It's latest update to come from Ed Sheeran's ongoing 'Shape of You' copyright trial

By Hollie Geraghty

Ed Sheeran performs live
Ed Sheeran performs live (Picture: YouTube)

One of the songwriters involved in the ongoing copyright trial with Ed Sheeran said that he felt “shocked” to hear the singer’s 2017 song ‘Shape of You’ on the car radio.

Sheeran is facing a dispute with musician Sami Chokri and co-writer Ross O’Donoghue, who allege that the track plagiarises parts of their 2015 song ‘Oh Why’.

They claim the “Oh I, oh I, oh I, oh I” hook from ‘Shape of You’ is “strikingly similar” to their own song.

Royalties from the track, estimated to be worth £20million, have been frozen after the claim was issued for “copyright infringement, damages and an account of profits in relation to the alleged infringement”, back in July 2018.

In a written submission to the court, Chokri, who performs under the moniker ‘Sami Switch’, recalled hearing Sheeran’s song on the radio. “I was a passenger in my girlfriend’s car and ‘Shape Of You’ came on the radio,” he wrote, according to the BBC. “She and I were both shocked to hear the similarities.”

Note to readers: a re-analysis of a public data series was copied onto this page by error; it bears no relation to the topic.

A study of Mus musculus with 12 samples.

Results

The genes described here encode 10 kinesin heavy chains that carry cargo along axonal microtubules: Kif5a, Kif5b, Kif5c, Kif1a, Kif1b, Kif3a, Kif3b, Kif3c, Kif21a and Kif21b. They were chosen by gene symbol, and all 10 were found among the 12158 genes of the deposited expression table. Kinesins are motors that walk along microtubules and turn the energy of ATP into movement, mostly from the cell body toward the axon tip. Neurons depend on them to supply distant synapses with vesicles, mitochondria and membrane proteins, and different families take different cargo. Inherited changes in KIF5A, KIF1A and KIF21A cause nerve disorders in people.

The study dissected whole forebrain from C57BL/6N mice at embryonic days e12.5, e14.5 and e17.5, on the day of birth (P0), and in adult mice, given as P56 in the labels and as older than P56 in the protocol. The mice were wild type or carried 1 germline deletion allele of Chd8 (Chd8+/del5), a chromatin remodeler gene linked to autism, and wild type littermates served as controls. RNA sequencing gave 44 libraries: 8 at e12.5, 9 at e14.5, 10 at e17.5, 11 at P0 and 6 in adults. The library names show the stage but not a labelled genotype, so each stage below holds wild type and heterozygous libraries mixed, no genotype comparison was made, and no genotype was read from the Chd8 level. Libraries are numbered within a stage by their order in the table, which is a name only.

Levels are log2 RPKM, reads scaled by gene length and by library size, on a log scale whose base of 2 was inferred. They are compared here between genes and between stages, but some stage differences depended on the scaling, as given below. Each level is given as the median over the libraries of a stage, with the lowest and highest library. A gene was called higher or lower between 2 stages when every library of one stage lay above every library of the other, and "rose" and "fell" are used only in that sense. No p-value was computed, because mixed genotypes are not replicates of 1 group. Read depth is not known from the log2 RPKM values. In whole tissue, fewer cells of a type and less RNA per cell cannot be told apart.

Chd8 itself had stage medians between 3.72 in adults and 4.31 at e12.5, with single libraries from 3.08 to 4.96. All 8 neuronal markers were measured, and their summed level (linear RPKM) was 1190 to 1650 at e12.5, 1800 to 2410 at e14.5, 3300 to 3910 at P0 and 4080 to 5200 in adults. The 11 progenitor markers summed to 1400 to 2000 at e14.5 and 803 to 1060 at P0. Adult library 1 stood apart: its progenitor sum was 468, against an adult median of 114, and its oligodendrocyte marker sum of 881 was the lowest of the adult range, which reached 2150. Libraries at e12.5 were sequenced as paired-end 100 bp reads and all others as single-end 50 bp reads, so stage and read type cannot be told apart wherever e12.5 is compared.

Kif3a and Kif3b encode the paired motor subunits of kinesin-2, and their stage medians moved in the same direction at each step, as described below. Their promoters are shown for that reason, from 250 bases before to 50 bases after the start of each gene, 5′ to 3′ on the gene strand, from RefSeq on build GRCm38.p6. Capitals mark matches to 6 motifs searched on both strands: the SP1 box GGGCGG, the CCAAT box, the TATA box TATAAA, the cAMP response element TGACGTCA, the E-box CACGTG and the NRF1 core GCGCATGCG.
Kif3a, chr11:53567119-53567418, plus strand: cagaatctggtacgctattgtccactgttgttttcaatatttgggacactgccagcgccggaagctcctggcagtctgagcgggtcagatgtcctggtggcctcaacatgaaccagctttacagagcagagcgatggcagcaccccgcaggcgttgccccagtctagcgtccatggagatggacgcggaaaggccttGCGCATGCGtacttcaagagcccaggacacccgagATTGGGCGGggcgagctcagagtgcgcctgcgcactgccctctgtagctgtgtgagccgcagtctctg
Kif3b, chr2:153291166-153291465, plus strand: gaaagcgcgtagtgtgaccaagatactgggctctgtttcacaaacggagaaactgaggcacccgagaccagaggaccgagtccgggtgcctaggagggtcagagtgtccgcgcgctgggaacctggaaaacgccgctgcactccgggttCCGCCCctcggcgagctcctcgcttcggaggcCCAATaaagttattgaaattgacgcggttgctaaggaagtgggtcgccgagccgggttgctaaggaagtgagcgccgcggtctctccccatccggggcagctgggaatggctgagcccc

He allegedly later put out a Facebook post that said: “Anyone else think Ed Sheeran’s new song ‘Shape Of You’ chorus sounds familiar lol?”

Chokri said he had “lots of responses”, including one from the late Jamal Edwards, with the “shifty eye” emoji. However, Edwards signed a witness statement in September last year in support of “very good friend” Sheeran, in which he said he had “no recollection” of the comment, according to the Daily Mail.

Edwards added that even if he was sent a copy of Chokri’s track, “I did not share it with Ed”.

Last week, Sheeran sang Nina Simone‘s ‘Feeling Good’ and Blackstreet‘s ‘No Diggity’ as he addressed the High Court as part of the case.

He was said to have sung the tracks in an attempt to prove that the melody is common within pop music. “If you put them all in the same key, they’ll sound the same,” he told the court.

Earlier in the case, Sheeran denied that he “borrows” ideas from other songwriters, after he was described as a “magpie” by barrister Andrew Sutcliffe QC.

“Mr Sheeran is undoubtedly very talented, he is a genius. But he is also a magpie,” he said. “He borrows ideas and throws them into his songs, sometimes he will acknowledge it but sometimes he won’t.”

Sheeran and co-writers Johnny McDaid and Steve Mac have denied copying Chokri’s song.